We are excited about the research that we conduct and our study findings. We hope that patients and community members will be excited about these too.
In order to make information from our scientific talks and publications more understandable to everyone, we provide highlights of recent work below.
Norovirus in Healthcare Settings – In order to have a better understanding on the how norovirus (sometimes referred to as “winter vomiting bug”) spreads within the hospital, we are examining characteristics of the virus, infected patients and the hospital environment by linking clinical data (symptoms, diagnoses and lab results from eHospital) to the genetic information of the norviruses that the patients have. By doing this we have recently discovered that one patient may have more than one norovirus inside of him or her at once! This may be how new strains that affect the entire world start. We have also discovered a strain not yet seen in the UK. Please see our recent conference abstract at: https://www.noro2016.de/wp-content/uploads/2016/03/Program_Web.pdf
Prostate Cancer Patient – When patients visit modern hospitals they leave behind digital footprints of their clinical history. Collecting this information and linking it together has allowed us to investigate new ways of representing the journeys that patients take through care. By mapping these journeys we can better understand current clinical practice and suggest ways to improve it. We can also investigate how particular journeys may result in unexpected outcomes for the patient and how close they are to national or international best practice guidelines. This work was previously carried out by one of our team members at the Norfolk & Norwich University Hospital using a case study on prostate cancer. Please see the publication at http://medinform.jmir.org/article/viewFile/medinform_v3i3e26/2
Using Hospital Staff Sickness Absence to Help Understand Seasonal Influenza – Using electronic data on hospital staff absences from the Imperial College Healthcare NHS Trust, we mapped absences from coughs, colds and flu among hospital staff and demonstrated how these related to our current flu mapping based on GP visits. Our findings from this study indicate that hospital staff absences are a good source of understanding and predicting season flu. Please see our publication at http://bmcinfectdis.biomedcentral.com/articles/10.1186/s12879-015-0789-z.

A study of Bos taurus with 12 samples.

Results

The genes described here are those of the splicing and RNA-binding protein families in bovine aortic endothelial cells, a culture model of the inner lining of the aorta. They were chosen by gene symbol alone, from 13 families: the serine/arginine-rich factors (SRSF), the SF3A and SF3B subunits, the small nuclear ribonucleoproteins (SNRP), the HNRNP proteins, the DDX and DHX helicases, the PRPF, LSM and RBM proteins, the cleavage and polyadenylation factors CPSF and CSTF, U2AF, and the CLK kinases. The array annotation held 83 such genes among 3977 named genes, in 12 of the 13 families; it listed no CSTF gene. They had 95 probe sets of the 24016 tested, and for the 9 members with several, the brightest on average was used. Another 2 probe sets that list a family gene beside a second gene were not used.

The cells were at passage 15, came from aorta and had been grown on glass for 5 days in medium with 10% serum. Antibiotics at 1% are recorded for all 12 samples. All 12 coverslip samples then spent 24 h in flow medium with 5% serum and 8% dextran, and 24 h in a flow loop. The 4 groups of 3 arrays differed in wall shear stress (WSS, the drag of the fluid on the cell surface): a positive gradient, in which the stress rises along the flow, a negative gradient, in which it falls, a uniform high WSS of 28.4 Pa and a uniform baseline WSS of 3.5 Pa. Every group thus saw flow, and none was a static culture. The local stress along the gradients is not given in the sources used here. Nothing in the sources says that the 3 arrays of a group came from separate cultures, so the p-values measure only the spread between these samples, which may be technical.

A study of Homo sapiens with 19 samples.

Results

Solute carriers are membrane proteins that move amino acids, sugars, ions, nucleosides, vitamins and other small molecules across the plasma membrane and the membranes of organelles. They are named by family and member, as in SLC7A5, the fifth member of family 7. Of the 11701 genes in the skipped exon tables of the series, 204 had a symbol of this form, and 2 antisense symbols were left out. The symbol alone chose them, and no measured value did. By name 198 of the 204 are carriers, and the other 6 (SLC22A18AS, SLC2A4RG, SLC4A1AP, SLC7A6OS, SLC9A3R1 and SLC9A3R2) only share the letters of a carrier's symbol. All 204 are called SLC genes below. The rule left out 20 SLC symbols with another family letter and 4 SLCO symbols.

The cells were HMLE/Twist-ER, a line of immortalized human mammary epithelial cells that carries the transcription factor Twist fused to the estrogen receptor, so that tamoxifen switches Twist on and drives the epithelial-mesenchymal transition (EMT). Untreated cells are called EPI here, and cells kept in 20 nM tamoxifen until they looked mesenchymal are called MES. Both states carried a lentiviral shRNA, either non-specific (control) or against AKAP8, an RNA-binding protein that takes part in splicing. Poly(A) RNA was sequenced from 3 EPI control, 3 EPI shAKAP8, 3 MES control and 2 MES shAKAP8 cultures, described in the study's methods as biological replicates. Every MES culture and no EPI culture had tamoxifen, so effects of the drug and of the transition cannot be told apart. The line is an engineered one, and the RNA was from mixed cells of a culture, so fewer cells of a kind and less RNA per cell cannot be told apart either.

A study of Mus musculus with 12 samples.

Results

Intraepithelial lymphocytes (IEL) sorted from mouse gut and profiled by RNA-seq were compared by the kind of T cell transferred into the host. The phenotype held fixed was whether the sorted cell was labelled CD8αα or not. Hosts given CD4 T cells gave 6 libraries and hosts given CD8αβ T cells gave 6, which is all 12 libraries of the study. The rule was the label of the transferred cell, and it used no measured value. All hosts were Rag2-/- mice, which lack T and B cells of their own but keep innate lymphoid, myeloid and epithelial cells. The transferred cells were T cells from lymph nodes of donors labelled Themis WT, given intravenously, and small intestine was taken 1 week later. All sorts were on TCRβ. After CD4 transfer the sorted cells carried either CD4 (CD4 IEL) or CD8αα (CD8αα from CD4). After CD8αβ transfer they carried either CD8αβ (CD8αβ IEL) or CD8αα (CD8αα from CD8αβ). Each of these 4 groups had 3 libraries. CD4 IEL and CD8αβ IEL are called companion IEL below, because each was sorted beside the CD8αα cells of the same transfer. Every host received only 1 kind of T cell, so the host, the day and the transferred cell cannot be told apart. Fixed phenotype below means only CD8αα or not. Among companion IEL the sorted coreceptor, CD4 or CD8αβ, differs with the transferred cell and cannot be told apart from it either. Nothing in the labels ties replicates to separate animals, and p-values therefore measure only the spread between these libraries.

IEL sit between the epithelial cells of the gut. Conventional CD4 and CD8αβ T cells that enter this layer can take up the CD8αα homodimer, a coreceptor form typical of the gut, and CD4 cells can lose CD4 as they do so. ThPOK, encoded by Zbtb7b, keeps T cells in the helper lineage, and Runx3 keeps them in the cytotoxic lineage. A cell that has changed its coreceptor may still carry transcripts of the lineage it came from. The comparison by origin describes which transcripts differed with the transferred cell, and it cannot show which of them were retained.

A Comprehensive Understanding of Illnesses that Cause Vomiting and Diarrhoea among Hospitalised Patients – Working together with Public Health England, we used a new test for patients with vomiting and diarrhoea that tells us if patients have any of 29 different infections. This test was used on CUH patients who had samples sent for testing in the laboratory. They received both regular testing for vomiting and diarrhoea and the new test. The new test revealed a number of missed infections, when compared to the standard tests and that patients often have more than one infection. This has implications for changing testing methods, as well as looking after patients with vomiting and diarrhoea. Please see our recent conference abstract at: https://www.noro2016.de/wp-content/uploads/2016/03/Program_Web.pdf
- Healthcare Worker Experience with eHospital: in the Beginning and Now – We are currently looking at the written transcripts of audio recorded interviews on ~65 healthcare workers to find patterns of experience with our new medical record system (called eHospital).
- Patient and Public Perspectives on Using Electronic Medical Records for Research and Large Electronic Registries – We are currently looking at the written transcripts of audio recorded public and patient involvement workshops to summarise patterns of ideas expressed across age groups and communities on opinions about electronic medical records and registries.
- Understanding Fungal Infections among Immune Compromised Patients – Fungi are organisms that normally grow in soil, although some grow on our skin in very low numbers as part of our normal health. Many modern patients often have conditions that result in their immune systems not working correctly, which provides the opportunity for these normally harmless fungi to grow into very severe infections that can be life threatening. This study will describe what types of fungal infections we have seen in patients at CUH (Addenbrooke’s and Rosie Hospital) over the past 10 years and factors that put patients at greater risk. Such information will help us to better protect are most sensitive patients from these types of infections.
- Assessment of Lab Orders Before and After eHospital – We are assessing the number of laboratory tests ordered at Addenbrooke’s and Rosie Hospitals before and after the adoption of eHospital, to determine the impact of the fully integrated Electronic Health Record system on the rate of unnecessary test orders and to calculate potential cost saving.